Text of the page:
Vermont Bill Would Allow Morning After Pill Over the Counter
by Steven Ertelt
May 25, 2005
Montpelier, VT (LifeNews.com) — The Vermont state legislature is considering a bill that would add the state to list of those which allow sales of the morning after pill over the counter and without a doctor’s visit. Six other states have made the change, which the FDA is considering nationwide.
A House committee Tuesday approved a bill that would let customers purchase the Plan B drug, which can sometimes cause an abortion, directly from pharmacists.
Members of the House Human Services Committee voted in favor of the measure 8-2. The bill now heads to the House floor, where it is expected to be approved.
Rep. Katherine Niquette, a Republican, voted against the bill after talking with her 16 year-old daughter, who told her that teenagers would likely get the drugs without telling their parents.
"I don’t think a pharmacist will have the time to properly counsel the girls," Niquette said, according to a Times Argus report. "This is one more thing where an adult is taken out of having a conversation with a teenager, and I don’t support that."
Planned Parenthood of Northern New England backs the measure.
"We are very satisfied with the bill and look forward to approval by the House," Jessica Oski, a spokeswoman, told the Vermont Press Bureau.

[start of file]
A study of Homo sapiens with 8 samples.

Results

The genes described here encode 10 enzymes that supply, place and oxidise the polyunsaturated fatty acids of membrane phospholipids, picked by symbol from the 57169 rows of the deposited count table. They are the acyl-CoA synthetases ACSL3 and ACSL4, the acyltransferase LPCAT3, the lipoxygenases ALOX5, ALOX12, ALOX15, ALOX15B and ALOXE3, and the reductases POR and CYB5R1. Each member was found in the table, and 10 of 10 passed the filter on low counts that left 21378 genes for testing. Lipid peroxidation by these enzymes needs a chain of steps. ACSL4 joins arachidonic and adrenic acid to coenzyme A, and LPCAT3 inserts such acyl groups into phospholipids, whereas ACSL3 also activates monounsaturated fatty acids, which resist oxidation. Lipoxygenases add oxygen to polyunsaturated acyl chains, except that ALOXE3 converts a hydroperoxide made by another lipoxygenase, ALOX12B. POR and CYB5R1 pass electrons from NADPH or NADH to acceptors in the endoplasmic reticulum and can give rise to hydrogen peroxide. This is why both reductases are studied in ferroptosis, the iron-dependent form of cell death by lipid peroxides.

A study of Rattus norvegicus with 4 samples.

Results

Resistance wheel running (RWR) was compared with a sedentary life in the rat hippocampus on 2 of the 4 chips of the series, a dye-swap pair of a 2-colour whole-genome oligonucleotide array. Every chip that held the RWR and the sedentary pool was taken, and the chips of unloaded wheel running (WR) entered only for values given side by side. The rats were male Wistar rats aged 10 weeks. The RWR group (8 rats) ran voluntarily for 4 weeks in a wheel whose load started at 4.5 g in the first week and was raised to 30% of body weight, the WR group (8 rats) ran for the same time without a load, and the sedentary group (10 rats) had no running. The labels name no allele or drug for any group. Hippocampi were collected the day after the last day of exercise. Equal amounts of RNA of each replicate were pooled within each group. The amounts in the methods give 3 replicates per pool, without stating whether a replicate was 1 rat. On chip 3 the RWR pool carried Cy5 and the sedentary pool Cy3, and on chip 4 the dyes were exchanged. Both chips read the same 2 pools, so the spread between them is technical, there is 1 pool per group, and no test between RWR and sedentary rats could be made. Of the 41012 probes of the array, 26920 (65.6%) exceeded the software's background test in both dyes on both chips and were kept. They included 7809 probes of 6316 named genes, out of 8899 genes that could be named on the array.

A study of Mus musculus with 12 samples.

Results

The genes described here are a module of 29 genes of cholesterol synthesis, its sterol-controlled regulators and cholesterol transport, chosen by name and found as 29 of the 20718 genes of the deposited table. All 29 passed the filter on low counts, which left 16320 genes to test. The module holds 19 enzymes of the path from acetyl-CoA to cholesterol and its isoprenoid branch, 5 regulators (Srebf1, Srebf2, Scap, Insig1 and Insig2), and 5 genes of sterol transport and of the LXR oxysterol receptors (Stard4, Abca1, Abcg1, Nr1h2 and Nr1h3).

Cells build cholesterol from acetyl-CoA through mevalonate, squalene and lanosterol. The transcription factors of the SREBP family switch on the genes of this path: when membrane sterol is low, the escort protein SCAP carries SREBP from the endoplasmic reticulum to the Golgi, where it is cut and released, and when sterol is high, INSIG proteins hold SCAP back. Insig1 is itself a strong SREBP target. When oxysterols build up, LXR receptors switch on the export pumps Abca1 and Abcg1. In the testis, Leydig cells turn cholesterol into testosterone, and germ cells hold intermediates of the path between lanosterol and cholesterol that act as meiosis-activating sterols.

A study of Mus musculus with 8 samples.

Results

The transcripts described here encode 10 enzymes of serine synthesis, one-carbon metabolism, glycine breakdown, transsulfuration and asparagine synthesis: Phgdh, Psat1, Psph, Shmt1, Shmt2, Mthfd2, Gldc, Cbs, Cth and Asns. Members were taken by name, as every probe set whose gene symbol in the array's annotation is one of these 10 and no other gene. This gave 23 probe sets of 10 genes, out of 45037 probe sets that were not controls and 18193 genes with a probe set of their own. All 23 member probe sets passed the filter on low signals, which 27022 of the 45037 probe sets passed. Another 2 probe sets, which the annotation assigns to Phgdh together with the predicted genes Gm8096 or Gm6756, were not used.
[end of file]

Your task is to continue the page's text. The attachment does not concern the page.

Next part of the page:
The Vermont Catholic Conference opposes the legislation.
Backers of the bill claim the morning after pill would reduce the number of abortions and decrease teenage pregnancies.
However, a recent study, conducted by researchers at the University of California at San Francisco, that found increased access to the "morning after" pill did not lower pregnancy rates because many women did not use the pills.
Wendy Wright, of Concerned Women for America, said the study showed "easy access to the drug increases sexually transmitted disease (STD) rates," a situation she called "alarming."
"Furthermore, studies show that the abortion rate is unaffected, and in some cases has increased," she explained.
"Proponents have repeatedly claimed that making the drug available without a prescription would reduce abortion numbers by as many as half; now their own study debunks that claim," Cathy Cleaver Ruse, speaking for the nation’s Catholic bishops, added.
Though the House is set to vote for the bill soon, the Senate may not have time to bring it up before the legislature adjourns next month. That would kill the bill for now, but House lawmakers say they hope the Democrat-controlled Senate will review it quickly in 2006.
Gov. James Douglas has said he would sign the measure into law.